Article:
Giuseppe Martucci, Symphony No. 2 in F, Op. 81
By Harvey Sachs, writer, journalist, and music historian
Written for the concert A New Italian Renaissance, performed on April 18, 2008 at Avery Fisher Hall at Lincoln Center.
In late nineteenth-century Italy, the word “music” was practically synonymous with the word “opera.” During the single decade of 1890-1900, for instance, Puccini and his contemporaries Mascagni, Leoncavallo, and Giordano—all born in the 1850s and ’60s—followed in the footsteps of their predecessors Rossini, Donizetti, Bellini, and Verdi, and produced such enduring works as Manon Lescaut, La bohème, Tosca, Cavalleria rusticana, Pagliacci, and Andrea Chénier. But not one of these young composers created significant non-operatic music, either then or at any other time.
There were, however, a few contemporary compatriots of Puccini and company who excelled at instrumental music, and Giuseppe Martucci proved to be the most gifted and influential of them. Born in 1856 near Capua, in Italy’s “deep south,” Martucci was a child prodigy at the piano; his father, a trumpeter, exploited the boy’s talent as early and as long as he could, but studies at the Naples Conservatory broadened the young musician’s horizons. By the time he was eighteen, his skill at the keyboard had been admired by Liszt and Anton Rubinstein, and he soon developed into an accomplished conductor whose pioneering achievements included the Italian premiere of Tristan und Isolde—undertaken at a time (1888) when Wagner’s music was barely tolerated south of the Alps. In his lifelong work as a teacher, too, and especially during his tenures as director of the conservatories of Bologna (1886-1902) and Naples (1902-09), Martucci helped to open new vistas for thousands of young Italian musicians. His efforts contributed greatly to the gradual acceptance of Bach, Beethoven, Brahms, and other foreigners throughout the country.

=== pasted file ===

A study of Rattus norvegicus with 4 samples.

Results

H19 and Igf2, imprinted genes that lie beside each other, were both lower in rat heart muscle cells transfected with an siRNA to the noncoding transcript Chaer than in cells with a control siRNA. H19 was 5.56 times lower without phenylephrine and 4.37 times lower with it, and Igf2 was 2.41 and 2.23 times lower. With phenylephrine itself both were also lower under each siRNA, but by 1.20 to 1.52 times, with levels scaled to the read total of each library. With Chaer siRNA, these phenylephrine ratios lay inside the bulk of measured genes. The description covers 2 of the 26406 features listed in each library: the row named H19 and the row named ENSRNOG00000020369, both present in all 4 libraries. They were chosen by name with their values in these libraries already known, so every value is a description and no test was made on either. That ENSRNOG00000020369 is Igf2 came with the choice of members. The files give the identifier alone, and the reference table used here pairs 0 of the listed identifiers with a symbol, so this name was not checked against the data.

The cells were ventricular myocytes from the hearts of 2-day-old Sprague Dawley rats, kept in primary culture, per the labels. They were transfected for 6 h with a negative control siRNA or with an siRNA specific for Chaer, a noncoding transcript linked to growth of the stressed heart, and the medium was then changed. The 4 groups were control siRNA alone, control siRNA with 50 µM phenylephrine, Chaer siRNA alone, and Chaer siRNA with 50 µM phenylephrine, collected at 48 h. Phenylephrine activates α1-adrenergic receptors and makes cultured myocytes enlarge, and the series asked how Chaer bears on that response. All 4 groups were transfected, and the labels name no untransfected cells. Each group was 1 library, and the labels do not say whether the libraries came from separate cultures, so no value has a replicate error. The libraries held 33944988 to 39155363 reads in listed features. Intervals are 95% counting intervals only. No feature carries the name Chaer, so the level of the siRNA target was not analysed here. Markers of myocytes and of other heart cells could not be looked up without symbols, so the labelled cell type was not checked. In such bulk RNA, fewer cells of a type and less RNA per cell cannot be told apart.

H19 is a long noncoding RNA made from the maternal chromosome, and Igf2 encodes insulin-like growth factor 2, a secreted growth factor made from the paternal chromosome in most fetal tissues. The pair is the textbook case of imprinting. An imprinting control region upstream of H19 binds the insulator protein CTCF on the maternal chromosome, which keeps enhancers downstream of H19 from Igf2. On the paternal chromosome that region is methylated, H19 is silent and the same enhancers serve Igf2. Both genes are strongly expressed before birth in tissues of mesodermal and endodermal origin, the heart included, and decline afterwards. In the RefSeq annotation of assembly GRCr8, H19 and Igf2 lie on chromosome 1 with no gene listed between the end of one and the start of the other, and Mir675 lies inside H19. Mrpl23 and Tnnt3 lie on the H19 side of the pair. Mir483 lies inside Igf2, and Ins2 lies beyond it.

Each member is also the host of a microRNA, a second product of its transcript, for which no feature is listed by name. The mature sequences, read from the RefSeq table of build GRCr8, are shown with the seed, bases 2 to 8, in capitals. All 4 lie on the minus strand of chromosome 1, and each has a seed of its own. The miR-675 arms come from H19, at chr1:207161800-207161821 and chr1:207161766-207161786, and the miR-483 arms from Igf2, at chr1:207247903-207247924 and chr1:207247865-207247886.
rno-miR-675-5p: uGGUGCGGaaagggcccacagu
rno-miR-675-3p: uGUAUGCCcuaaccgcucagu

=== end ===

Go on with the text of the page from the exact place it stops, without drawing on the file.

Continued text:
Martucci’s death in 1909, at the age of fifty-three, deprived Italy of an outstanding, innovative performing musician and pedagogue. His own compositions were overshadowed by those of the outstanding non-Italian composers of his generation (he was born within a dozen years of Rimsky-Korsakov, Fauré, Elgar, Mahler, Debussy, Richard Strauss, and Sibelius), but they were beautifully crafted. Several of his works were conducted fairly often by Toscanini, for whom Martucci also served as a podium role model, and in our own day Riccardo Muti frequently turns his attention to Martucci’s music.
The Symphony No. 2 in F major, Op. 81, completed in 1904, is generally considered Martucci’s masterpiece; Gian Francesco Malipiero described it as “the starting point of the renaissance of non-operatic Italian music.” Its opening Allegro moderato has dramatic moments but is generally lyrical and flowing, whereas the following scherzo, Allegro vivace, is almost Mendelssohnian in its lightness—especially in the violins’ skittish figurations. The dignified Adagio ma non troppo contains some lyrical solo passages and an agitated middle section, and the finale, Allegro, is essentially sunny.
Certainly much of Martucci’s thematic material is undistinguished, and one often has the feeling that however skillfully he develops that material and however masterly his command of the orchestra, he seems unsure as to whether or not he has something important to say. But we mustn’t reprove Martucci for not having been Brahms (his idol) or for not having taken part in the European avant-garde of his day. Without his herculean efforts, musical Italy would have had a hard time entering the twentieth century.